Time Ryan and JD Vance
AP Composite Photo
Ohio Democratic Senate candidate Rep. Tim Ryan, D-Ohio, on March 28, 2022, in Wilberforce, Ohio, left, and Republican candidate JD Vance on Aug. 5, 2022, in Dallas.

The race to become Ohio’s next U.S. Senator has been a long journey, raking in millions of dollars and leading to heated debates among the candidates.

In a continuing series previewing the 2022 Ohio Elections from the Statehouse News Bureau, we look at how the economy has played a key role in the race between first-time Senate candidates J.D. Vance and Tim Ryan.

While 2022 has been marked by several topics that stir controversy and debate among voters, such as abortion and immigration, the one issue that consistently polls higher than anything else is the economy.

Republican U.S. Senate candidate J.D. Vance and Democratic U.S. Senate candidate Tim Ryan have both used the economy as a centerpiece in their race. However, they diverge on the reasons for inflation and the ways to fix the problem.

Vance has pointed the blame squarely at Democratic leadership in Congress and President Biden. He said inflation has been caused by an influx of federal aid, such as the trillion-dollar relief package, and overregulation on the oil and gas industry.

“Simultaneously they’ve borrowed and spent trillions of dollars that we just don’t have and that’s thrown fuel on the fire of the inflation problem and at the same time they’ve gone to war against America’s energy sector," Vance said.

Ryan said it’s time for the country to come up with solutions to the problem, such as a tax cut, often a Republican proposal – instead of assigning blame.

“I think everybody’s to blame - I mean, we’re coming out of a pandemic. It’s a problem. The question is, are we going to sit around another 10 years and point fingers? What I’ve been proposing is a significant tax cut for working people and small businesses,” Ryan said.

Vance said he would be for a tax cut but said Ryan has mostly opposed tax cuts during his 20 years in Congress.

A key point Vance has tried to drive home is that Ryan always aligns himself with Democrats on these decisions that can impact the U.S. economy.

“Tim Ryan has voted with these policies 100% of the time. Every single time he gets an opportunity to stand up for Ohioans. He chooses to bend the knee to his own party,” Vance said.

Ryan has noted he ran for speaker against Nancy Pelosi in 2016 as an example of standing up to his party, as he tries to appeal to independent and moderate Republican voters and disaffected Democrats - he calls this whole group the “exhausted majority.” He’s even said he doesn’t believe Biden should run for re-election.

Ryan said he votes on plans that lead to economic growth, such as bills to subsidize electric vehicle manufacturing and the Intel semiconductor plant.

“Look at the Chips Act lands, the Intel project that's going to create $100 billion investment into Ohio, that's going to ripple throughout this entire economy,” Ryan said.

Both have said the U.S. needs to be tough on trade deals with China.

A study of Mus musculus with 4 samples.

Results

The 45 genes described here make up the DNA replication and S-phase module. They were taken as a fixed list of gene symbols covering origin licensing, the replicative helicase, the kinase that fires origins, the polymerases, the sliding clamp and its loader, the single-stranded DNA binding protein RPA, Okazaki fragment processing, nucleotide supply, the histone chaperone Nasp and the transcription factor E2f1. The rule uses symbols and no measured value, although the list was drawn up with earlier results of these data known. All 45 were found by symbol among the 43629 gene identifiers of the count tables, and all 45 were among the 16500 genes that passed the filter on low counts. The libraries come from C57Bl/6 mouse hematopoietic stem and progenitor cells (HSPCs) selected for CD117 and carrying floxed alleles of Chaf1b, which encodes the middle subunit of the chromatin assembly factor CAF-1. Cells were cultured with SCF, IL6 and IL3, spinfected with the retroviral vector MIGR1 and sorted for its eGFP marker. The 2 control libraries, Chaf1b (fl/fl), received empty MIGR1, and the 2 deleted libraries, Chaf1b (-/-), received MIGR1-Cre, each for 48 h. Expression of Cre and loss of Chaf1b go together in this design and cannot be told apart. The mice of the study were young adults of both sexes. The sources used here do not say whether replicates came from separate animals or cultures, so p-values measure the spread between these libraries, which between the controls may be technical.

For Vance, that means tariffs on Chinese imports and relaxing regulations on the energy industry.

“Why has China taken a huge amount of America's jobs? Well, one of the reasons is because energy is too expensive. You cannot do modern industrial manufacturing without high-quality energy,” Vance said.

Ryan said he supported most of the tariffs that were proposed by former President Trump and that he has a long history of policy to back up his position on China.

“One of my first bills I had was to penalize China for manipulating their currency. I work to get tariffs on China's steel coming in. That led to $1,000,000,000 investment in the Youngstown steel mill,” Ryan said.

In their closing arguments in the first debate, both Ryan and Vance focused on why the economy is a key policy discussion in this race.

Ryan talked about the importance of supporting growth through federal spending.

“We have an opportunity to be the manufacturing powerhouse of the world. The arsenal of energy,” Ryan said.

And Vance emphasized the impact inflation has had on families.

“I think there's something very basic here. I think that people deserve certain things. Ohioans deserve certain things from their federal leadership. They deserve to go to the grocery store and be able to afford food without breaking the bank,” Vance said.

On the issue of social security, in a survey by AARP, Vance said the best way to protect the program is to grow the economy and create more workers that pay into the system. Ryan said he supports increasing benefits, expanding eligibility and keeping up with the cost of living.

Both candidates said they would fight against proposed funding cuts to Medicare.

The race has garnered national attention as the result of Ohio’s contest could determine the balance of the U.S. Senate, which is currently split 50-50.

Andy Chow is a general assignment state government reporter who focuses on environmental, energy, agriculture, and education-related issues. He started his journalism career as an associate producer with ABC 6/FOX 28 in Columbus before becoming a producer with WBNS 10TV.